Partition Suits Attorney
Many times, real property is jointly or commonly owned by more than one party. If the joint property owners are in a relationship, whether by marriage, family, friendship, business ventures or partnerships, and the relationship develops friction or ultimately dissolves, the co-owners may find themselves in disagreement as to the particularities of the jointly owned property. Additionally, through an inheritance, you could yourself sharing ownership of property with another person, and you may find yourself at odds with his or her desires for the property.
In a best case scenario, any dispute or disagreements between landowners could be settled through discussions and negotiations. Reaching a settlement with the other parties on how to manage the property or divide the property or the proceeds from any sale will usually save time, money, and stress.
If the joint property owners cannot agree on what to do with their real estate, however, they may have to turn to the courts. In Virginia, any joint owner of real estate can file a partition suit in the jurisdiction where the property is located. In a partition action, the court is asked to divide the property among its owners. If the property can be divided equally between the parties (called a partition in kind), the court will take the steps necessary to complete that division. When the property cannot be divided, however – such as, for instance, when the property is a house – the court can order the property to be sold and the proceeds distributed among the owners. This is known as a partition by sale.
A partition suit may be brought by a person who owns certain partial interests in property. For example, a tenant in common, joint tenant, executor with the power to sell real property, or a lien creditor may be able to bring a lawsuit for partition. The precise nature of property interests is a complex subject and necessitates a thorough review of title by an experienced real estate attorney.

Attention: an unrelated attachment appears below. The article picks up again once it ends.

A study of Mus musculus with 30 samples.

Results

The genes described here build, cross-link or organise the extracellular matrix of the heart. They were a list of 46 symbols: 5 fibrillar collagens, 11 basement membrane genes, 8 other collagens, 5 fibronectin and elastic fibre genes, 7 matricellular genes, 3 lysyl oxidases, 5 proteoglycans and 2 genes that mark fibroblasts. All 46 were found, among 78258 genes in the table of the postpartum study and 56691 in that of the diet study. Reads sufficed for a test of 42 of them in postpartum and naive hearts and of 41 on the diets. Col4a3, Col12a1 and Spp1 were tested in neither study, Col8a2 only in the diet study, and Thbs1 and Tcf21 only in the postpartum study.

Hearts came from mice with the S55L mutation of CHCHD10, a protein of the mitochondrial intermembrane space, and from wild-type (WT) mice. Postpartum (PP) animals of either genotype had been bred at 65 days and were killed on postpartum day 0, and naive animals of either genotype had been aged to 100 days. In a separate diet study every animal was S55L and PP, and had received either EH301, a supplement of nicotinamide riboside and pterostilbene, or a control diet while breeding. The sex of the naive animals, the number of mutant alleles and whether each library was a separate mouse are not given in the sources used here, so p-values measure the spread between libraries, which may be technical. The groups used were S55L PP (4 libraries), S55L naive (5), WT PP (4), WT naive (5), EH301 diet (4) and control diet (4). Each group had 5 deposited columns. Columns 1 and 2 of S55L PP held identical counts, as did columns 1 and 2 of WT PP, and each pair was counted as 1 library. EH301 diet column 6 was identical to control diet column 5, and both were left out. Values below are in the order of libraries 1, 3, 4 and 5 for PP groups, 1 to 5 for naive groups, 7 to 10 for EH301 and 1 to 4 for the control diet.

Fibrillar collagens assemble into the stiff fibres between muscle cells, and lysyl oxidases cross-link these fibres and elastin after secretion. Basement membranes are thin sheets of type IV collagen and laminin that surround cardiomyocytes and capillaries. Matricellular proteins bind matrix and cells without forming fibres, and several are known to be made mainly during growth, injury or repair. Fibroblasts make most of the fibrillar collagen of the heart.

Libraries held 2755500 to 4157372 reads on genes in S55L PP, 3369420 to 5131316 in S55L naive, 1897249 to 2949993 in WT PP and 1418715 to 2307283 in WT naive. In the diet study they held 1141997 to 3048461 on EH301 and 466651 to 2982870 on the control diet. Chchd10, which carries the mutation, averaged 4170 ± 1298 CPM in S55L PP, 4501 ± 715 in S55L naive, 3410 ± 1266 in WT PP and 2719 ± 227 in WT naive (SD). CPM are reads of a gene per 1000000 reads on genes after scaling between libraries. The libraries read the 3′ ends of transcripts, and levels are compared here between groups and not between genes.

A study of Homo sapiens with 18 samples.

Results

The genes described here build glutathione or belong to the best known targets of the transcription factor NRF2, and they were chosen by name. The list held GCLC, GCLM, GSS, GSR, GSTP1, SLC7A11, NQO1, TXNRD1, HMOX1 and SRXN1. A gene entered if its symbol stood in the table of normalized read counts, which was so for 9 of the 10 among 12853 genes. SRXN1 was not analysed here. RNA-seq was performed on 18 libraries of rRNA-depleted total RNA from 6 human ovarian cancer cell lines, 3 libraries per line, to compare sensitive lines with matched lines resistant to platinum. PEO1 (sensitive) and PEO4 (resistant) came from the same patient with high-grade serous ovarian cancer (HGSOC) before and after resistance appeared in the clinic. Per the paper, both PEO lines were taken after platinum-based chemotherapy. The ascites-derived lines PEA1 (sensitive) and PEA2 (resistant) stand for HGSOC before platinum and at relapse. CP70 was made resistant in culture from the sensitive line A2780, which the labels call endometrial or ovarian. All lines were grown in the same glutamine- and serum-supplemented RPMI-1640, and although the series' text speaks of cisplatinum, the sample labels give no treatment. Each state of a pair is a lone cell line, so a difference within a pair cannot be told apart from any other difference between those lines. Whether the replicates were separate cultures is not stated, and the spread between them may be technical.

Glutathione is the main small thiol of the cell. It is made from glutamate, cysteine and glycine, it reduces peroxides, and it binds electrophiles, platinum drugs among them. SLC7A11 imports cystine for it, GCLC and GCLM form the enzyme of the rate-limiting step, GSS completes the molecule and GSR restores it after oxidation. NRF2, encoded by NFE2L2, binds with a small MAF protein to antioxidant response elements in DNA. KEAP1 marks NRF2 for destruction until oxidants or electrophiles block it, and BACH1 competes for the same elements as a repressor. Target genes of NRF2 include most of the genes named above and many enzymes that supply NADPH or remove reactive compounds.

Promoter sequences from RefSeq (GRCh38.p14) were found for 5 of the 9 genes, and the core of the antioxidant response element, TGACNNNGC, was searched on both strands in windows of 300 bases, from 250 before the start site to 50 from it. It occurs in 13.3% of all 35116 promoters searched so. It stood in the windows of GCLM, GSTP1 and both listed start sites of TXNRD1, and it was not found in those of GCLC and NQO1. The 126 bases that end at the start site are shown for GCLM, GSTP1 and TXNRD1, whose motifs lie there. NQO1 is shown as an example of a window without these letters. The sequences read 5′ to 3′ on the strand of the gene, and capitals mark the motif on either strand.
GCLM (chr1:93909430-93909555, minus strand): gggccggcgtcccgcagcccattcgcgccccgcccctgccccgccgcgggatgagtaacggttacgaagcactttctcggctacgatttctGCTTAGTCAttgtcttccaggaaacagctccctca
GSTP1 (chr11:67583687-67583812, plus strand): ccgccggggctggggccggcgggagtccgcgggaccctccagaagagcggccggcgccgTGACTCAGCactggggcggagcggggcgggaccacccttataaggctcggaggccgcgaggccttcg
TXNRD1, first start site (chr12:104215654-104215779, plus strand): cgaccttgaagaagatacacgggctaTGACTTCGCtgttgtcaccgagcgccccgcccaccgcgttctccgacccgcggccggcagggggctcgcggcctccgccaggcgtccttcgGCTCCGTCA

Once the partition suit is filed, any of the joint owners who desires and is able to purchase the property will be given the opportunity to do so at a price agreed upon with the other joint owners or set by the court. If none of the owners wants to buy the property, and the property cannot be fairly divided among the joint owners, the court will appoint a special commissioner to sell the property.
Typically, the commissioner will work through a real estate agent to market and sell the property. The property can alternatively be sold at public auction, through private contract, or another method at the Special Commissioner’s own choosing. Once the property is sold and the sale expenses are accounted for, the remaining proceeds will be distributed among the property owners according to their ownership interests.
A partition lawsuit may also be appropriate where all of the property owners are unknown or cannot be located. In such a situation, a partition suit may be the only available method to clear title and force sale. If any of the joint owners are unknown or missing, a Virginia Partition attorney handling the matter can proceed with an Order of Publication to ensure that all potential co-owners are subject to the court’s final Partition Order.
If you or someone you know is involved in a dispute with a joint property owner or you simply wish to sell your property ownership interest, contact the Charlottesville Partition attorneys at MartinWren, P.C. We have experience in successfully negotiating resolutions among opposing parties and joint owners of real estate. And absent a resolution, we can effectively litigate partition suits. Please contact John B. Simpson at (434) 817-3100 for more information.